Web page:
I’m on a mission to help women experience a symptom-free menopause transition as well as reduce the risk of developing age-related diseases such as osteoporosis, cardiovascular disease, diabetes, and cancer.
Menopause represents a natural transition in life akin to that of puberty, menarche, and childbirth. It is NOT a disease despite what the medical community and media would have you believe. Every woman living through mid-life will undergo this biological event. Many women sail through the transition without any symptoms other than a gradual cessation of their menstrual periods (NIH, 2005, p. 2). Unfortunately, some women experience one or more bothersome symptoms such as hot flashes, weight gain, insomnia, mood swings, and decreased libido.
Research has shown the most relevant factors influencing a woman’s quality of life during the menopause transition include her social situation and her experience of stressful life events (Hunter, 1993, p. 33). The ongoing activation of the stress response can disrupt almost all body processes, causing symptoms in common with those attributed to menopause such as weight gain, insomnia, forgetfulness, mood swings, and decreased libido (Mayo Clinic Staff, 2016).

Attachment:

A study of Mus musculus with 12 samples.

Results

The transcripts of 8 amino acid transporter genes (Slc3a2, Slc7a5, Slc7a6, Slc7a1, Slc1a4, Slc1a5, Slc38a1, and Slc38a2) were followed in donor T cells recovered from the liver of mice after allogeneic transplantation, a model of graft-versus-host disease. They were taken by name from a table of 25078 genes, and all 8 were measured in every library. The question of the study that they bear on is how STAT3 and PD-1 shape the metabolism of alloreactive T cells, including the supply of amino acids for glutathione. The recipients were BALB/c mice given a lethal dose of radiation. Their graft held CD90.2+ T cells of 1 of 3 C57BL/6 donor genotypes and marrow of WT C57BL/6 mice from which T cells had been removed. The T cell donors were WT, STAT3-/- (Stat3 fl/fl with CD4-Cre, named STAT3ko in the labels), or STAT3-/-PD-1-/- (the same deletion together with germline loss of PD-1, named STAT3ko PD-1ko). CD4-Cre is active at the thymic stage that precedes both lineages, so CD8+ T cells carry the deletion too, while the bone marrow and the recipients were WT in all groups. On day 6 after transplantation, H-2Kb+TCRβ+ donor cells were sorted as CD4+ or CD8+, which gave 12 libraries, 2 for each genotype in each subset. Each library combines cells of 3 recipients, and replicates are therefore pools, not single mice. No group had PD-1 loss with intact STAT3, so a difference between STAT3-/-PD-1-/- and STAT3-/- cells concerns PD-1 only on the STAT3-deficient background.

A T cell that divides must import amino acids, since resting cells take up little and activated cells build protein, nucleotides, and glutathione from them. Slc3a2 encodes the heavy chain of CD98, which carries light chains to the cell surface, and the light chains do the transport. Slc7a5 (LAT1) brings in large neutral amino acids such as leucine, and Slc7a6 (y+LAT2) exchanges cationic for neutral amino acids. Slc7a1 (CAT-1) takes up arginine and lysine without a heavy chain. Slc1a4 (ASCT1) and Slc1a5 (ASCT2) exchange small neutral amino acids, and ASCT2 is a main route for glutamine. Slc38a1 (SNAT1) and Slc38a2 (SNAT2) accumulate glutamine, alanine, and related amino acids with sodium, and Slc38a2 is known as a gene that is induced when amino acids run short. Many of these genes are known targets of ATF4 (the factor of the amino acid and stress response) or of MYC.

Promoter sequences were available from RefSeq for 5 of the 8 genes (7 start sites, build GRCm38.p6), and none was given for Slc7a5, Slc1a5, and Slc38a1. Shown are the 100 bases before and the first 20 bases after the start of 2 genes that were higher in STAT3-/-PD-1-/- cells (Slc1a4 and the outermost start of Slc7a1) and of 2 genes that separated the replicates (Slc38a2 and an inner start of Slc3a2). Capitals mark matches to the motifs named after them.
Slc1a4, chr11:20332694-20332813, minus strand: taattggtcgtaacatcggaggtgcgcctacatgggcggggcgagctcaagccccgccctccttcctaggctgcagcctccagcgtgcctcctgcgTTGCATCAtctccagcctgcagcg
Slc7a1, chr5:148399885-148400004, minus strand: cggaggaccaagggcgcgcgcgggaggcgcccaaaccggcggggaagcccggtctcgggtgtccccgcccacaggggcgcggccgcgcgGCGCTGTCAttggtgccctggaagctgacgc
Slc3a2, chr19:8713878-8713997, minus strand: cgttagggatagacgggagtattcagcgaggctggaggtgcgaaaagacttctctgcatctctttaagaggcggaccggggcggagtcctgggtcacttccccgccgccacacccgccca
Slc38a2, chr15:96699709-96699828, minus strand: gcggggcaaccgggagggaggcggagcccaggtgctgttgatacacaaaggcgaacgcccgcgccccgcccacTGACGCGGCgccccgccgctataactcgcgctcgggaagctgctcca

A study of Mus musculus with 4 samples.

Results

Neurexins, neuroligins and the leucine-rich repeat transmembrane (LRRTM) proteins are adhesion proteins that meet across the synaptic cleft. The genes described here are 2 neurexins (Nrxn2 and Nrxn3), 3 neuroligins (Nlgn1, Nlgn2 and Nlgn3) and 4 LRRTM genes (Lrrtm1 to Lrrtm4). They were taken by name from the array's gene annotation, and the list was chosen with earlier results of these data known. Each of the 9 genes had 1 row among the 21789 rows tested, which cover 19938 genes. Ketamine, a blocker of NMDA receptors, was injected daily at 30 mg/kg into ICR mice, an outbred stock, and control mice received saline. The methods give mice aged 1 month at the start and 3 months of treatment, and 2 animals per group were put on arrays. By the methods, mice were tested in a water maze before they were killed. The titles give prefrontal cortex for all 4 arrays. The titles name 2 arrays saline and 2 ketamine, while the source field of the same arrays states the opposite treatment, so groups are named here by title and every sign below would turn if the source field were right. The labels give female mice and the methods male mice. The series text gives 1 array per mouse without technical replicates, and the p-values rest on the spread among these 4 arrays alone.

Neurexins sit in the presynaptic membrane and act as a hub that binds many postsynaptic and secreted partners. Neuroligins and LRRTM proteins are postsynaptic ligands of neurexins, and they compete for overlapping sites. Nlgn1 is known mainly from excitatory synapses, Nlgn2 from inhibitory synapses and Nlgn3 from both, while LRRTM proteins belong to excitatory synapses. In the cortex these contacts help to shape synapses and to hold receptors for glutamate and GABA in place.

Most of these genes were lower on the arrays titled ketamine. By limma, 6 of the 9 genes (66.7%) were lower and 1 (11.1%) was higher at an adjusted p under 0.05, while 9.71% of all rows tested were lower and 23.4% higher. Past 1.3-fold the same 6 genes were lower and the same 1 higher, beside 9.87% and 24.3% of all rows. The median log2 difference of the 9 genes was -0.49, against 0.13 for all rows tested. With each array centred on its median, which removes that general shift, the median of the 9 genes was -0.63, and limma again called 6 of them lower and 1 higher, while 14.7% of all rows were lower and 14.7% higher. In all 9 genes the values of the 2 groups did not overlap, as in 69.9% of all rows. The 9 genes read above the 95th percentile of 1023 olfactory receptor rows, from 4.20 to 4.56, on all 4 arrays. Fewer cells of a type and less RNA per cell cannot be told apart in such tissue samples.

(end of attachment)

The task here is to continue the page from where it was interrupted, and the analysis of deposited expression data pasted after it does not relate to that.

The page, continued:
Treating the symptoms of chronic stress with menopause hormone therapy and other FDA approved pharmaceuticals does not address the underlying root cause. If left unaddressed, the chronic stress you face in midlife can progress from annoying symptoms to the serious pathologies already mentioned.
At Enhanced Health Solutions, we aim to reduce the complexity and stress women face in midlife by implementing simple diet and lifestyle practices inspired by our hunter-gatherer and pre-industrial ancestors.
Hunter, M. S. (1993). Predictors of menopausal symptoms: psychosocial aspects. Bailliere’s Clinical Endocrinology and Metabolism, 7(1), 33–45.
Mayo Clinic Staff. (2016, April 21). Chronic stress puts your health at risk. Retrieved July 21, 2018, from http://www.mayoclinic.org/healthy-lifestyle/stress-management/in-depth/stress/art-20046037NIH. (2005).
NIH State-of-the-Science conference statement on management of menopause-related symptoms. NIH Consensus and State-of-the-Science Statements, 22(1), 1–38.